Along with being the name of the actual sons of Fëanor, the term is used in The Silmarillion and its associated material to describe a political entity, the elves that were led by the sons of Fëanor.
Someone trying to puzzle out the exact demographics, or political or economic structure of Tolkien's elves might spend many hours trying to piece together a picture based on sparse information. In the Silmarillion, it says that the sons of Fëanor dwelt in East Beleriand with "many people", but whether that many was several thousands or several million would be anyone's guess. Along with that, the question of why certain elves were bound to certain Elvish lords is not addressed. Were "The Sons of Fëanor" an extended family of sorts? Were they tied by some sort of system of feudal oaths? Did they share a common dialect or customs? These questions are not addressed, and are perhaps not too meaningful; and would deflate the myth through details.
Even in a mythic book, there is some political structure present in the Silmarillion, and the Sons of Fëanor, however they are constituted, play an important, yet paradoxic political role. The Sons of Fëanor, through their oath (and the text does state that only the seven actual sons of Fëanor, not their extended kin, took that oath), were the instigators and leaders of the coalition that fought Morgoth during the First Age. The paradoxical part of this is that although they were in some ways the core constituency of the alliance, they were also extremely antagonistic to almost all the other members, and they didn't contribute any notable military successes to the wars. This is an example of Tolkien representing something mythically that could also be a common political reality. According to the Silmarillion,
Caranthir was haughty and scarce concealed his scorn for the unloveliness of the Naugrim, and his people followed their lord.
although this is put in the mythological terms of an antipathy towards a different race, it is a very believable political situation, to have one ally distrust another ally because of relatively minor differences in customs. Along with this, I think Tolkien subtly paints the Sons of Fëanor as what we would now term chickenhawks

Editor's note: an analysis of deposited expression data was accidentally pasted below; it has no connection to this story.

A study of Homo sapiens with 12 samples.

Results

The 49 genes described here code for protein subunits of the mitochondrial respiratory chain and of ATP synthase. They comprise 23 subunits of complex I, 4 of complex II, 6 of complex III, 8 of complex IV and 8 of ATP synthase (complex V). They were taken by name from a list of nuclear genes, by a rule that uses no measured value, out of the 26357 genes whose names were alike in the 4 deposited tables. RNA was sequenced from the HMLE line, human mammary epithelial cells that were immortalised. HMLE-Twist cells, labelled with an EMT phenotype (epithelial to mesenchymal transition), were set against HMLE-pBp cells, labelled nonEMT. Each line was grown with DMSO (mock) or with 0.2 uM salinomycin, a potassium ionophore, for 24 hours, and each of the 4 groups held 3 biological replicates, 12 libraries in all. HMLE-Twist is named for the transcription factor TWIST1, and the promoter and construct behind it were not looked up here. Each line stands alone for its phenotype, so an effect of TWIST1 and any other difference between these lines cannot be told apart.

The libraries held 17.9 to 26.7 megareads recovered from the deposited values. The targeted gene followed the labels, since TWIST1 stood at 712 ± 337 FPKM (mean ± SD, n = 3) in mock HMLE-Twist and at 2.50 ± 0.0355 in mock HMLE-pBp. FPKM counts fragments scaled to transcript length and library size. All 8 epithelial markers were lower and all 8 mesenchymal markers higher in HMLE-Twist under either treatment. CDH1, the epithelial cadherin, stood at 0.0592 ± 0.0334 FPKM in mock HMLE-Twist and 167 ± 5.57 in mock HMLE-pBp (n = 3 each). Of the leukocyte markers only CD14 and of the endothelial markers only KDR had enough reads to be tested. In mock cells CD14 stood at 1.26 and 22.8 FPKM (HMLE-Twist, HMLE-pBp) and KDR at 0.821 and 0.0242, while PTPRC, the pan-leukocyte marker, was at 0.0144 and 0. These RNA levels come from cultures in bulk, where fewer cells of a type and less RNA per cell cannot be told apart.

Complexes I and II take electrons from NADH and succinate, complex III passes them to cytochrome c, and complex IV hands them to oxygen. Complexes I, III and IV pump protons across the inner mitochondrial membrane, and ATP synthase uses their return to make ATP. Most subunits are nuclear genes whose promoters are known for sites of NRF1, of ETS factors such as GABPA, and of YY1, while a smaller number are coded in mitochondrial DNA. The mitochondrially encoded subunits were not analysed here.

. They are the ones who take the oath to hunt down Morgoth to the exclusion of all else. Yet in the book almost every single valiant (or even useful) deed is done by their cousins, (and rivals) amongst the Noldor
, or by the Sindar
, or by humans, or dwarves. The one large military initiative that the Sons of Fëanor do put together against Morgoth turns into the disastrous fifth battle, the Nirnaeth Arnoediad
. After this battle, they "wandered as leaves before the wind". I think Tolkien was making some sort of comment that the same faction that would engage eagerly in civil war was also unable to actually raise any type of effective martial force against their real foe. Whether this is totally due to the personalities of the seven Sons of Fëanor, or was a trait of the culture or habits of the group around them, is unclear from the text.
I think the portrayal of the Sons of Fëanor shows the amount of irony and subtlety in matters of politics and morality that can be gained from the Silmarillion, if one reads closely enough.